By Christian D’Andrea
MacIver Institute Education Policy Analyst
On Wednesday, the Department of Public Instruction released a document that had been in the works for over a year – the state’s new standards for student performance. This accountability program will be a part of the puzzle that replaces the existing, inefficient, and ineffective No Child Left Behind system with a more stringent set of standards. The results for Wisconsin’s schools won’t be positive – at least at first.
DPI’s announcement came with projetions on how past years’ results would stack up with the new grading system. The Milwaukee Journal-Sentinel was the first to report on how last year’s Wisconsin Knowledge and Concepts Examination (WKCE) would translate to this new metric. The results weren’t pretty. Scores dropped dramatically across the board, leaving the majority of Wisconsin’s students falling below the cut line for what is now considered “Proficient” in reading and math skills in elementary and middle schools.
These new standards are being put in place to phase out the outdated NCLB standards. This new metric will be more strongly aligned with national standards and place a greater emphasis on college readiness. It will also take into account the eventual replacement for the WKCE, which is a flawed test that offers little to inform the public about student growth. Combined, this new accountability program will give Wisconsinites a stronger, more authentic look into how their schools and their students are performing.
The DPI translation of last year’s student data shows how bad things have gotten thanks to the lax standards of the past. Let’s start with Wisconsin’s results based on the old WKCE standards. In 2011, the state’s students rated Proficient or better at a 81.9 percent rate in reading. For math, this figure was 78 percent.
Now, let’s use the prior year calculations of how those same students would have fared on the test with the new standards in place. Of the students that took the WKCE this fall, only 35.8 percent would have tested at Proficient or better when it comes to reading. That figure rises to 48.1 percent in math, but is still wholly disappointing. These startling decreases highlight just how inflated the state’s former standards had been.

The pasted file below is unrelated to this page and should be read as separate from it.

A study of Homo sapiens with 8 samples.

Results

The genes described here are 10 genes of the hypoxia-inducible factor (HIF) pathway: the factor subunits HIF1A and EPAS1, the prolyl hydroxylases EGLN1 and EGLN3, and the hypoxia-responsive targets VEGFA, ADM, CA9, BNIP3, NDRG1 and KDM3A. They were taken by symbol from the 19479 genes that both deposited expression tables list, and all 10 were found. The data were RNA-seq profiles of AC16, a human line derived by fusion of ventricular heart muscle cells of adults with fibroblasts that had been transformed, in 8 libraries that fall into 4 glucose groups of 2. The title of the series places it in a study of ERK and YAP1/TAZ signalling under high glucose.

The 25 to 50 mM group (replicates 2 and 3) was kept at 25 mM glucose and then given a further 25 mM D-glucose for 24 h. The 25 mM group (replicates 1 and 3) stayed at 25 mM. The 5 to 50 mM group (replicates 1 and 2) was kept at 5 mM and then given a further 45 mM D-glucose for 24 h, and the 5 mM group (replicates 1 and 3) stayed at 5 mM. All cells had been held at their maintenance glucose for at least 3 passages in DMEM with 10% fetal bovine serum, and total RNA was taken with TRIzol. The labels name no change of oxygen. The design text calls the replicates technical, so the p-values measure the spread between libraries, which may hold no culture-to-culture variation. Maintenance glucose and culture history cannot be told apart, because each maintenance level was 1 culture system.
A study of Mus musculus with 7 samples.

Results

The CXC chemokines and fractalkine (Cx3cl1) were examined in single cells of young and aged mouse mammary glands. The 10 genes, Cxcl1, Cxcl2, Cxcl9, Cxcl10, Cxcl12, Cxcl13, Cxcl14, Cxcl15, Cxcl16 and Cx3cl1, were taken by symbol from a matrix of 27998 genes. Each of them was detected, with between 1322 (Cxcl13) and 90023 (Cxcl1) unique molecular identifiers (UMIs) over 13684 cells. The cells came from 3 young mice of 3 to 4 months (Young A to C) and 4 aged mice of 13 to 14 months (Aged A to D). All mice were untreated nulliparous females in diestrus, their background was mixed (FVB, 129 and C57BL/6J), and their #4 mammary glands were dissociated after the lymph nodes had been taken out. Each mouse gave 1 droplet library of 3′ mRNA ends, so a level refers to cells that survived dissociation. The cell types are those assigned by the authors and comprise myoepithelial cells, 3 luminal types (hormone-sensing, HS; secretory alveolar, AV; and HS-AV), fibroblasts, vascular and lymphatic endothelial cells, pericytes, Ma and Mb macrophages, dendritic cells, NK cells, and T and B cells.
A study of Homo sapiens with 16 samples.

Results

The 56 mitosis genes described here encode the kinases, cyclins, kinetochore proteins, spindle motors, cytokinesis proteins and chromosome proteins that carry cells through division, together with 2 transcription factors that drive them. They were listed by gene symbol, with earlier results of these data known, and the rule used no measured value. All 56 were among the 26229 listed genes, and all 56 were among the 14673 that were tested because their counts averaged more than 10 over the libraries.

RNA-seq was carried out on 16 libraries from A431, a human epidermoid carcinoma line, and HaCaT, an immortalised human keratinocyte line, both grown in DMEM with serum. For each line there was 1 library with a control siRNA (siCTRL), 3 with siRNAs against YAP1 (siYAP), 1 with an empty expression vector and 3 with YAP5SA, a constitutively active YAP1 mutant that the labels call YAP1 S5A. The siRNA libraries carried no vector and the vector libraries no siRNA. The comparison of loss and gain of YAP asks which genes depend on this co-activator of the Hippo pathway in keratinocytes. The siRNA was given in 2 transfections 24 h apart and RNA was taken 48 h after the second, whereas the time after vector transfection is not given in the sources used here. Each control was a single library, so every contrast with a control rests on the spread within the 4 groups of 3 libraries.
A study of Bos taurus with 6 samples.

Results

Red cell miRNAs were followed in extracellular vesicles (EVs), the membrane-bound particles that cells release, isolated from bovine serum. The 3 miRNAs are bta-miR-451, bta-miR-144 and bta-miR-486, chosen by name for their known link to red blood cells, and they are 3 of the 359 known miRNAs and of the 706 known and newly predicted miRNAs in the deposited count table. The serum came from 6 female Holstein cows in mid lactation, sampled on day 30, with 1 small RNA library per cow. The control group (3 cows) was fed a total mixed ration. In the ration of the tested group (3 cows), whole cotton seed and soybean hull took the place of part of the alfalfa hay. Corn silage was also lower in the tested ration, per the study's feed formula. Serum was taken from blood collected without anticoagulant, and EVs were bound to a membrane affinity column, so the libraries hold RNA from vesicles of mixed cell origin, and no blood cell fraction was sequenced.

The next round of state testing will bring some alarming numbers that are similar to those that have already been reported by the DPI. While districts will have some time to prepare for the new emphasis on college readiness skills within core subjects like reading and math, there is a very good chance that the majority of Wisconsin students fall behind this new curve. While that is a bad thing for 2012, it should be the catalyst for a positive trend in Wisconsin into the future.
The old standards created an insular bubble for the state’s schools, and this illusion of progress has been a factor in stagnant educational growth. While education reform fell to the wayside on the basis of solid test results, Wisconsin was being passed by other states in the union that have not traditionally been known for their strength in the classroom. This was something that we touched on earlier this week thanks to a recently released Harvard study.
Hopefully, the adoption of more stringent standards will serve as the wakeup call that the state needs to address education in a new light. Last year’s reading and accountability reforms were a strong step forward. There’s still plenty of more work that needs to be done – and several strong examples that the Badger State can follow on the path to a public school renaissance.
There are concerns, however, that come with any system that relies on standardized testing. How will the WKCE measure student growth to accurately reflect what a student has learned in the course of a year? How do you ensure that educators aren’t just teaching to the test but instead imprinting valuable knowledge that can be retained down the line? How can we properly interpret what is ultimately just a snapshot of student data?
Standardized testing won’t tell us what we need to know about Wisconsin’s schools, especially with a mechanism as flawed as the WKCE. Improvements ushered in by the state’s new school accountability program will help to gauge student progress, but ultimately the success of these children will be tied to their college readiness and development into the workforce. Raising the bar for education in Wisconsin to reflect greater college readiness is a strong step forward in an era where university-bound students still require record levels of remediation after graduating from high school.
This new outlook on educational results won’t be the panacea Wisconsin needs to fix its educational problems, but it will open some eyes across the state. It will serve to spark parental and community involvement and create the discussion of how to make things between in neighborhood schools. That’s a good thing for Wisconsin, and if implemented properly, it will be an even better thing for a new generation of students.